Plaster Bandage

Another way to seal a negative is by using plaster bandages in place of duct tape. Plaster bandages are loose, net-like strips of fabric that are impregnated with plaster dust. Much like the regular plaster that you mix; when exposed to water, the plaster bandages will harden into a solid. Placing wet bandages over the seam in a negative will make a very strong water tight seal. If used correctly plaster bandages can create very durable, leak proof seams even on oddly shaped casts. However, plaster bandages are very expensive and generally not used for our projects at GBC.

Plaster bandages come in long rolls. To begin you will need to unravel some bandage...

... And tear off a strip of an appropriate length. This depends largely on the shape of the seam that you are working with.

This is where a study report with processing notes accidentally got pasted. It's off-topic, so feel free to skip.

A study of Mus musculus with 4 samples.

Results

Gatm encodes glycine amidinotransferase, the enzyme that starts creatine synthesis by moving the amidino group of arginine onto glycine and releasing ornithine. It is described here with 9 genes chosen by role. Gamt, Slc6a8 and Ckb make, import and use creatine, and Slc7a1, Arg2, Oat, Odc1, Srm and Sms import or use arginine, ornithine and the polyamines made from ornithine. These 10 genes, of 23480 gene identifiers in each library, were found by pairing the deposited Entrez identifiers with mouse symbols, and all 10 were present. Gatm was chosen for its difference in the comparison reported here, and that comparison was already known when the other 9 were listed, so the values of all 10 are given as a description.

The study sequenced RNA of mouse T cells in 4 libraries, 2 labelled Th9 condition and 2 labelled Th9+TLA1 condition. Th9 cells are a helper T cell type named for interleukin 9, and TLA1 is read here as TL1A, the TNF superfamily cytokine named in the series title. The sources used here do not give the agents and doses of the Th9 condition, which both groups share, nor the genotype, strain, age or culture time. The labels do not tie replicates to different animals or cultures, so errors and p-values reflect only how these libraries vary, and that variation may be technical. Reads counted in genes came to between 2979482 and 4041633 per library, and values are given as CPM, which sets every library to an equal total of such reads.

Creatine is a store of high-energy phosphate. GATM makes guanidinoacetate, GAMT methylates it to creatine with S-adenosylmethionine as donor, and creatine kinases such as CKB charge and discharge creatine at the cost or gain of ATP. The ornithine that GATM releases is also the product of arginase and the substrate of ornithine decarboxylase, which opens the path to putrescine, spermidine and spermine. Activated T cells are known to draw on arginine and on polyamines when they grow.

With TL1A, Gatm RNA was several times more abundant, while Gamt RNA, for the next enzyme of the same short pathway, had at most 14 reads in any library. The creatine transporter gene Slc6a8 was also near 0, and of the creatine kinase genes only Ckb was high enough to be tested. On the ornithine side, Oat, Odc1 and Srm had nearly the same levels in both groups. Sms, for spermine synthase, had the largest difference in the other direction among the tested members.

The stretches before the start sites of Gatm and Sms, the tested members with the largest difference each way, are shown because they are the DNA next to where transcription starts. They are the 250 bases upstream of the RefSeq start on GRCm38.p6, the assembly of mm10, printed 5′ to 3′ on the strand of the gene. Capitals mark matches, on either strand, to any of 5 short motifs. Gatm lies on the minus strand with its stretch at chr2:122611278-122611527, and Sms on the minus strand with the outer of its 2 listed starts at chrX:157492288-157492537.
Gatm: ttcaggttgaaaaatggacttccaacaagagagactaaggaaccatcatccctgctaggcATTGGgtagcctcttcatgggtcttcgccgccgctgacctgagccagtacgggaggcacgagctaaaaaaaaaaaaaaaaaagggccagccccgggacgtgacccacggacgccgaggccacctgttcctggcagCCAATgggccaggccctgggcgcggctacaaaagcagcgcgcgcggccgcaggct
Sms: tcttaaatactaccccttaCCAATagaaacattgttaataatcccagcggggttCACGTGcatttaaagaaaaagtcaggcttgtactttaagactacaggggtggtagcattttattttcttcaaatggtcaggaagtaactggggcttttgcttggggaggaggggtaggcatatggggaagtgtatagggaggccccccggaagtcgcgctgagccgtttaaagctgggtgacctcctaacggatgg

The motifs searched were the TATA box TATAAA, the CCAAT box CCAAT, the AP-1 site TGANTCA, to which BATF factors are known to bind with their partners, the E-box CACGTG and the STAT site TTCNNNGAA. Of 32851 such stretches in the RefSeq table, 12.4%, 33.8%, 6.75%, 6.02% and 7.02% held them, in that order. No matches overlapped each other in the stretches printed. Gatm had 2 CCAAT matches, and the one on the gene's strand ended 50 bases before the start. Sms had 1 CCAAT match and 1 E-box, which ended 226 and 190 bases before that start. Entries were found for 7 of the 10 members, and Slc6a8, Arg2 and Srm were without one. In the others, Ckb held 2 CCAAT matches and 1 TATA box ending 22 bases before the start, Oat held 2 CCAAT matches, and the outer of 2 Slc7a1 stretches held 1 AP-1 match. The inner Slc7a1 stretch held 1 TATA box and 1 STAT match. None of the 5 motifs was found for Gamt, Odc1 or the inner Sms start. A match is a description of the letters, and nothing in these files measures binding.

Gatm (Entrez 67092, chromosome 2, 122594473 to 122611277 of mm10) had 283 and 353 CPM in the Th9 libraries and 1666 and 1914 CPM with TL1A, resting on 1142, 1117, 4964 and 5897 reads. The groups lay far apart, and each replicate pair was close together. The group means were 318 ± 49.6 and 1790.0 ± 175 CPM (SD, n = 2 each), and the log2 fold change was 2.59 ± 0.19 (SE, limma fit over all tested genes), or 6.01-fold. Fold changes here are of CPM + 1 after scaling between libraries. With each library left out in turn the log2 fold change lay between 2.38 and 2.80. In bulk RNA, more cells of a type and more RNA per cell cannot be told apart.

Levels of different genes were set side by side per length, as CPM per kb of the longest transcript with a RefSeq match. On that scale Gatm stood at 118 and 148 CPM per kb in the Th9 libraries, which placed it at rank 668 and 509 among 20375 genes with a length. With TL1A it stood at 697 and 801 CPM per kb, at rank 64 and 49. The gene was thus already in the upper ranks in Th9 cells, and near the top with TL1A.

Fold the strip in half and submerge it in water. This is best done by holding each end and allowing the strip to go slack. Start dunking at the middle and progress to the edges until the entire strip is wet. Holding onto the ends ensures that you won't lose them when the bandage gets floppy and sticks to itself.

Then lay the bandage over the seam, patting and pushing it down so that the mesh sticks together and there are no holes. Depending on the cast it may be necessary to tack the negative shut with a clamp or piece of duct tape so it won't spring open before the plaster bandage dries (it is usually hard enough to hold a negative shut after a few minutes). Once the entire seam is sealed you are free to fill your cast.

 


Brim Buildups

Some casts, like the transfemoral socket below, do not have even brims. 

A transfemoral negative viewed from the medial aspect.

In this case, we want our cast to extend to the top of the back wall (this is in fact the lateral wall of the cast; we learn about transfemoral sockets in second year). But the other walls of the cast do not extend this high up.

To solve this problem we can build up the lower brims of the negative cast with layers of duct tape. Adding them one on top of the other, distally to proximally, until we've evened out the height of the brims. About half an inch of overlap on the duct tape strips should create a plaster proof seal.